Virtualization vendor VMware has released software patches to address two security vulnerabilities in its Aria Operations for Networks software [1].


The first vulnerability [1] [3] [4] [6] [7] [8], known as CVE-2023-34039 [2], is a critical authentication bypass flaw that allows remote hackers to bypass SSH authentication and access private endpoints [5]. This vulnerability [1] [2] [3] [4] [5] [6] [7] [8], discovered by researchers from ProjectDiscovery [1], is caused by a lack of unique cryptographic key generation [4]. It enables an attacker with network access to gain unauthorized access to the command-line interface [2] [4].

The second vulnerability [1] [3] [4] [6] [7], CVE-2023-20890 [1] [2] [3] [4] [5] [6] [7] [8], is an arbitrary file write vulnerability that could be exploited to execute remote code in the context of the administrator account [8]. An attacker could then gain privileges to install programs [8], manipulate data [8], or create new accounts with full user rights [8].

These vulnerabilities affect versions 6.2 to 6.10 of VMware Aria Operations Networks [3]. Previous critical vulnerabilities in the Aria Operations for Networks software have been targeted by cybercriminals, prompting CISA to flag these vulnerabilities as well.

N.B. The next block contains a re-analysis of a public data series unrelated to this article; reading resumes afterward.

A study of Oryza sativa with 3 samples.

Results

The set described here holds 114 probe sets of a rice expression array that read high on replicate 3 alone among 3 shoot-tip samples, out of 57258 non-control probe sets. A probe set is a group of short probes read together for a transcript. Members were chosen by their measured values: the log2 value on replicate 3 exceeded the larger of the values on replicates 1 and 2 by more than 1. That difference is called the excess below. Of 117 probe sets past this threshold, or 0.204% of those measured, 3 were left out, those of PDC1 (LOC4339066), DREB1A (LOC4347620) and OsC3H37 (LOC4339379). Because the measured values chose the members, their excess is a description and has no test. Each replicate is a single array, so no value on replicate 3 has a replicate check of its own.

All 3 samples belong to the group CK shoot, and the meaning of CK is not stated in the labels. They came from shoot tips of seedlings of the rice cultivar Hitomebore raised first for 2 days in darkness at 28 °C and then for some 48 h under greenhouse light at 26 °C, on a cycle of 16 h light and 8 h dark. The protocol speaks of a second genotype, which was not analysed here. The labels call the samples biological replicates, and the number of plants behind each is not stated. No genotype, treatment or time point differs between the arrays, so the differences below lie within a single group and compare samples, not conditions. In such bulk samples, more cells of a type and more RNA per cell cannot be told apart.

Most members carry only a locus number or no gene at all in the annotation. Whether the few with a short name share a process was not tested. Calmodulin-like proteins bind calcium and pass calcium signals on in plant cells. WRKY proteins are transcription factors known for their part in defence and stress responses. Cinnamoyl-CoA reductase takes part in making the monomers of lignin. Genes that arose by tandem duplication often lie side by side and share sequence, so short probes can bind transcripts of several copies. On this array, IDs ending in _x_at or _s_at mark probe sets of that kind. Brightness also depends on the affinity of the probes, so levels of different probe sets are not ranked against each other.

If left unpatched, these flaws could potentially provide hackers with access to infrastructure from multiple providers [1]. To protect against these threats, users are advised to update to version 6.11.0 of Aria Operations for Networks, which contains the necessary fixes. There are no known workarounds for either vulnerability [7], so it is important for users to install the provided updates promptly.


These security vulnerabilities pose significant risks to the security and integrity of VMware Aria Operations for Networks software. By promptly updating to version 6.11.0, users can mitigate the potential impacts of these vulnerabilities and protect their infrastructure from unauthorized access. It is crucial for users to prioritize the installation of the provided updates to ensure the continued security of their systems.